They Live Reviews
Roddy Piper, Keith David.
Nada is homeless and jobless in the city of Detriot. He lands a construction job and makes friends with a fellow co worker. Almost everyone has been laid off and the movie does serve as timely as it did 30 years ago given the Trump era we live in now. Immigrants and people whom are underclass are being exploited through the media possibly filtering our way of thinking and how we perceive them to be.
With this film in particular Nada comes across a pair of sunglasses that allow him to see people as actual aliens bent on dominating the human race. Not only that but also signs that have commands saying obey, reproduce, no free thinking etc.
even some human followers have surrendered to their temptations
These things view our world as another third world much like we view other nations.
So what happens when there's nothing left to conquer, do we all sell out and exploit one another?
This film is highly enjoyable and action packed and offers some great political satire on Carpenters part
Carpenter here unfurls his movie's story as if he says to his audience: "I don't care whether you're enjoying the movie or not. You came here for the movie's bizarre and outlandish concept, and here it is!".
Not too much dialogue; the thing that may make the viewer feel a bit bored, especially before the action rises. But so what as long as this brilliantly reflects the movie's themes of working-class subjection and media control!
A very slow way of resolving the conflict of the plot; the thing that may infuriate the viewer, and make him worried lest the denouement would be so rushed. But so what as long as the results, as the movie proceeds and the end result, are more than fulfilling and rewarding!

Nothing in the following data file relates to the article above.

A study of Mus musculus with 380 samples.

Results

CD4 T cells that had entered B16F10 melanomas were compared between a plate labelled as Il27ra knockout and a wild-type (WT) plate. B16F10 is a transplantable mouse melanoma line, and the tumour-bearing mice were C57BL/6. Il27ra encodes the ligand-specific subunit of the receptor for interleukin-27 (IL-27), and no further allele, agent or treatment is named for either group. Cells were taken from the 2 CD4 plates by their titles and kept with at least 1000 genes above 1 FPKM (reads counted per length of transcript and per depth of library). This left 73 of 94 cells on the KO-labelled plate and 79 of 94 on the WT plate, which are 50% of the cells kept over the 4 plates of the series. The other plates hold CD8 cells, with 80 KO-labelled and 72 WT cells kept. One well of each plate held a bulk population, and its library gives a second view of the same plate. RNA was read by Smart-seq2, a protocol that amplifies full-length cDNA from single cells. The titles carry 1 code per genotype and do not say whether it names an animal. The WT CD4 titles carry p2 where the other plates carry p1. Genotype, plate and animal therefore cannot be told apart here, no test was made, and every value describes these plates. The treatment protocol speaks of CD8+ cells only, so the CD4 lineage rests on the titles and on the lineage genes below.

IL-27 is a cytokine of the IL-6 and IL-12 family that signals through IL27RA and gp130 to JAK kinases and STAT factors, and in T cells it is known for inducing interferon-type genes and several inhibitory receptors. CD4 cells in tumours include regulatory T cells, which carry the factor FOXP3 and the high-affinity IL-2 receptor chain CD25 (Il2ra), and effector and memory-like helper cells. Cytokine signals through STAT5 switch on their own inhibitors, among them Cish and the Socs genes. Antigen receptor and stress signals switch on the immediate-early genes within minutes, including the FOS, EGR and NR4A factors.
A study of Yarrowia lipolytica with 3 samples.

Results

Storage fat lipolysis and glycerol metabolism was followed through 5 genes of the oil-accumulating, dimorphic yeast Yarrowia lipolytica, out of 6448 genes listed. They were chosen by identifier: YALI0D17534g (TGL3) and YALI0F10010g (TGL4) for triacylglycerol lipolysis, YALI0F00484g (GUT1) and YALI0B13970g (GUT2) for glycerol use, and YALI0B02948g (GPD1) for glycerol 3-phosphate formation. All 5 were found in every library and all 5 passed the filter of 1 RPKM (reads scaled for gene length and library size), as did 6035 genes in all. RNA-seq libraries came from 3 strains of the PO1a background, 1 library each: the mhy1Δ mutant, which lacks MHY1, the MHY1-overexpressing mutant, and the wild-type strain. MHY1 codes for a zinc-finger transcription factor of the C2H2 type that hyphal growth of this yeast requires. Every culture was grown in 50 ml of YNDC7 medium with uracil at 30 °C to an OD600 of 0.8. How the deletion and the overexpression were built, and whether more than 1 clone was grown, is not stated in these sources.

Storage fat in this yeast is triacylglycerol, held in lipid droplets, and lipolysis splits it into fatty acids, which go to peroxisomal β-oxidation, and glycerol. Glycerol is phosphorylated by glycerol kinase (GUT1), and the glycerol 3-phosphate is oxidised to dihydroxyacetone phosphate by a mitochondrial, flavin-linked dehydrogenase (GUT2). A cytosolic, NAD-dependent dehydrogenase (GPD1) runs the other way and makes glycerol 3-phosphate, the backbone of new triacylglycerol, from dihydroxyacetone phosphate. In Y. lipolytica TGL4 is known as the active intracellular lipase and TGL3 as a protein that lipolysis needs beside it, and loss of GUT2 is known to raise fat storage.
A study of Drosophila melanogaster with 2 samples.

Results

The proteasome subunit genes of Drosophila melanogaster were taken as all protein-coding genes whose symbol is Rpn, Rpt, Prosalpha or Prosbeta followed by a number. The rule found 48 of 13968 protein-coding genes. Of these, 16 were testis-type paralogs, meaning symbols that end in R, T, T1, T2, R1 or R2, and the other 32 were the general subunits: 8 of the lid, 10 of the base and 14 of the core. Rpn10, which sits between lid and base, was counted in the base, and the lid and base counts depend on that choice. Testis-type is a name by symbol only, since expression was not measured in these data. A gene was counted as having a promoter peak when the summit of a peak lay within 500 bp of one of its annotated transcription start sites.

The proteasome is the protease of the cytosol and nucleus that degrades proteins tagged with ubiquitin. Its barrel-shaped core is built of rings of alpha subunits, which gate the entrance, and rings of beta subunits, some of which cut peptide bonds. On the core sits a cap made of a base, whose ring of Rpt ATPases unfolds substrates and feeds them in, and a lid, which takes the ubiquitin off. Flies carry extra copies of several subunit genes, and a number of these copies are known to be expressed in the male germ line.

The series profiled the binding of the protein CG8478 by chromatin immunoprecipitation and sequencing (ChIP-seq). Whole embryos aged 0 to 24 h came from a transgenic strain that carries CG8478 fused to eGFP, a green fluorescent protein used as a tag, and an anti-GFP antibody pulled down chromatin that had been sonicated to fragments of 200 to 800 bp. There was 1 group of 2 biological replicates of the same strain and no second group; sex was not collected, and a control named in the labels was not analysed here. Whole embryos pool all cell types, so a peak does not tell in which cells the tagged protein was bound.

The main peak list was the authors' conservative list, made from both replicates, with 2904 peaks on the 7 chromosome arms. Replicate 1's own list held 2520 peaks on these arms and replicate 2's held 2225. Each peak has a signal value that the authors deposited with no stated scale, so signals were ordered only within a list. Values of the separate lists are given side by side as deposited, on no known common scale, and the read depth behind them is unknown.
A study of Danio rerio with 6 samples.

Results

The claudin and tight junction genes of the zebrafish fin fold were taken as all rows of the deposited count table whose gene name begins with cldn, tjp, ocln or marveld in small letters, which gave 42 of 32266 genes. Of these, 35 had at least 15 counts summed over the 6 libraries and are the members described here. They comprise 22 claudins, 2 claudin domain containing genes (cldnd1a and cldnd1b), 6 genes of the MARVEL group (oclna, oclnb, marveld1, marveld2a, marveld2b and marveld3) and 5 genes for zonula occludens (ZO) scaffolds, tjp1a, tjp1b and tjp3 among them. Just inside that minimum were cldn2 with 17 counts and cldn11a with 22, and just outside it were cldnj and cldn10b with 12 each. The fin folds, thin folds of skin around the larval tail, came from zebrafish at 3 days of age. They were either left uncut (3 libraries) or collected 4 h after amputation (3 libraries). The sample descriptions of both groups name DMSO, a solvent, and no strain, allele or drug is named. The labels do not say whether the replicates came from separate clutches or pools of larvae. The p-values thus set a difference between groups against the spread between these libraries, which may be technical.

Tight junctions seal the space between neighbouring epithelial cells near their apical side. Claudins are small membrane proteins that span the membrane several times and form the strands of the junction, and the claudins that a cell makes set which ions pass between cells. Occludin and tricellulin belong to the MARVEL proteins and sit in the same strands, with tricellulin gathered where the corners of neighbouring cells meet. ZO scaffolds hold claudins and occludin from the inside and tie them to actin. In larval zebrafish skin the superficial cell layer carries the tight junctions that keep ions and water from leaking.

In all honesty, Carpenter went a bit too far to say the least. As the transitions between an act to another are quite abrupt and scrappy that can make you feel as if something is missing; something that is necessary to make you more convinced. The transition between the first and the second act can redeemed; because there is an information that is represented later at the second act in a most subtle way. But this is not the case about the transition between the second and the third act. As there are some things that should have been quite difficult to work out, but they ended up being solved pretty quick by some coincidences and plot holes. Let alone the major plot hole concerns the whole story that you may realize at the end, if not while watching the movie.
It goes without saying that in They Live, Carpenter offers a timeless biting and daring political satire neatly encapsulated in a loony thought-provoking sci-fi flick while maintaining, at its core, its B-movie quality the genius director famous for.
This is not high-end special-effects driven space battle scii-fi, nor is this Oscar material. But the directing, tone, writing and acting are all perfect for this B movie. Roddy Piper is fantastic in the lead role, posturing through wonderfully quotable quips and bringing his wrestling skills to bear on the longest and perhaps most-parodied fight scene in movie history.
If you like cheezy B movie sci-fi this is right up your alley. If you love quotable movies, this one is a cornucopia. If you are looking for subtle drama, romance or high-minded Oscar bait, this movie is not for you. But for what it is, you won't find anything better.